The flue on your furnace is designed to vent carbon monoxide and other gases made during the combustion process outside. If the flue is clogged or damaged, it can't do its job, and this puts you and your family at risk. Every vented heating appliance in your home should be inspected and cleaned regularly to prevent carbon monoxide poisoning.
Signs of Clogged Flues
The flue pipe on your stove can become blocked by ash, birds and small animals or masonry debris. When one or more of these things falls into your chimney, it prevents the proper venting of combustion gases. Gas furnaces build up scale, which forms when gas byproducts and moisture combine, and these can block the flue. If you see rust or water streaking on the vent, flue, or on your chimney, something may be blocking the flue. Moisture builds inside your furnace pipes when the air can't properly circulate, and this can result in rust.
Soot around your furnace is also an indication of a problem. Soot can build up to in your venting system and block it. If your furnace is vented through a masonry chimney, look for white residue on the brick. This is a sign that mineral salts are coming through the masonry because too much moisture is inside the chimney. Although flame color doesn't always mean the presence of carbon monoxide, a change in the color of your flame, such as blue becoming yellow, indicates that the level of carbon monoxide has increased, and this may be caused by a blocked flue.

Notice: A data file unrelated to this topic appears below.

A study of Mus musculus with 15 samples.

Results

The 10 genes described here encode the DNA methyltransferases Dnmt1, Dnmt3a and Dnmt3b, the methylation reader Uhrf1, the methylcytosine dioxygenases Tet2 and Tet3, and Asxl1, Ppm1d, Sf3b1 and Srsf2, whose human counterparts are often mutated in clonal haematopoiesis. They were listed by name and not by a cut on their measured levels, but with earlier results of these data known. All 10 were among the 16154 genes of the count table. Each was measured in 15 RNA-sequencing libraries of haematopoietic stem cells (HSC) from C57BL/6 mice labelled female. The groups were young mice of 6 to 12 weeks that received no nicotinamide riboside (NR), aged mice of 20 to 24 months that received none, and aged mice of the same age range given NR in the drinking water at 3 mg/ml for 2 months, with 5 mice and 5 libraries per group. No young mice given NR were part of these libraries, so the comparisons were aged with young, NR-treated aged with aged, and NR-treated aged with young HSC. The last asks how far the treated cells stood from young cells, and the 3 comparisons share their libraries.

A blocked or damaged furnace flue prevents combustion gases from escaping outside. Instead these gases are released into your home. Once inside, they recirculate, and then carbon monoxide becomes part of the air taken in during the combustion process. This increases the amount of carbon monoxide present. The cycle continues and can build up to deadly levels of carbon monoxide in your home.
Symptoms of Carbon Monoxide Poisoning
Symptoms of carbon monoxide poisoning resemble the flu, without fever, in the beginning. If you or your family experience headache, nausea or vomiting, dizziness, fatigue, difficulty breathing or loss of consciousness, go outside your home immediately. If the symptoms lessen or go away but return once inside, you may have carbon monoxide poisoning. Open all doors and windows and turn off any combustion appliances. Seek medical attention. Have your furnace inspected and the flue cleaned immediately by a professional. Have carbon monoxide detectors installed in your home.
Cleaning to Prevent Clogs
Your furnace needs to have its venting system cleaned every year. The buildup of particulates is not as significant as it is with a fireplace flue, but over time, they can reduce the efficiency of the flue. This is dangerous and can lead to carbon monoxide poisoning. Contact a qualified professional to have the venting system cleaned and inspected for damage or leaks even when the furnace appears to operate properly. Only a trained technician can detect blockages or buildup inside your furnace flue and correct the problem.
Renee Miller began writing professionally in 2008, contributing to websites and the "Community Press" newspaper. She is co-founder of On Fiction Writing, a website for writers. Miller holds a diploma in social services from Clarke College in Belleville, Ontario.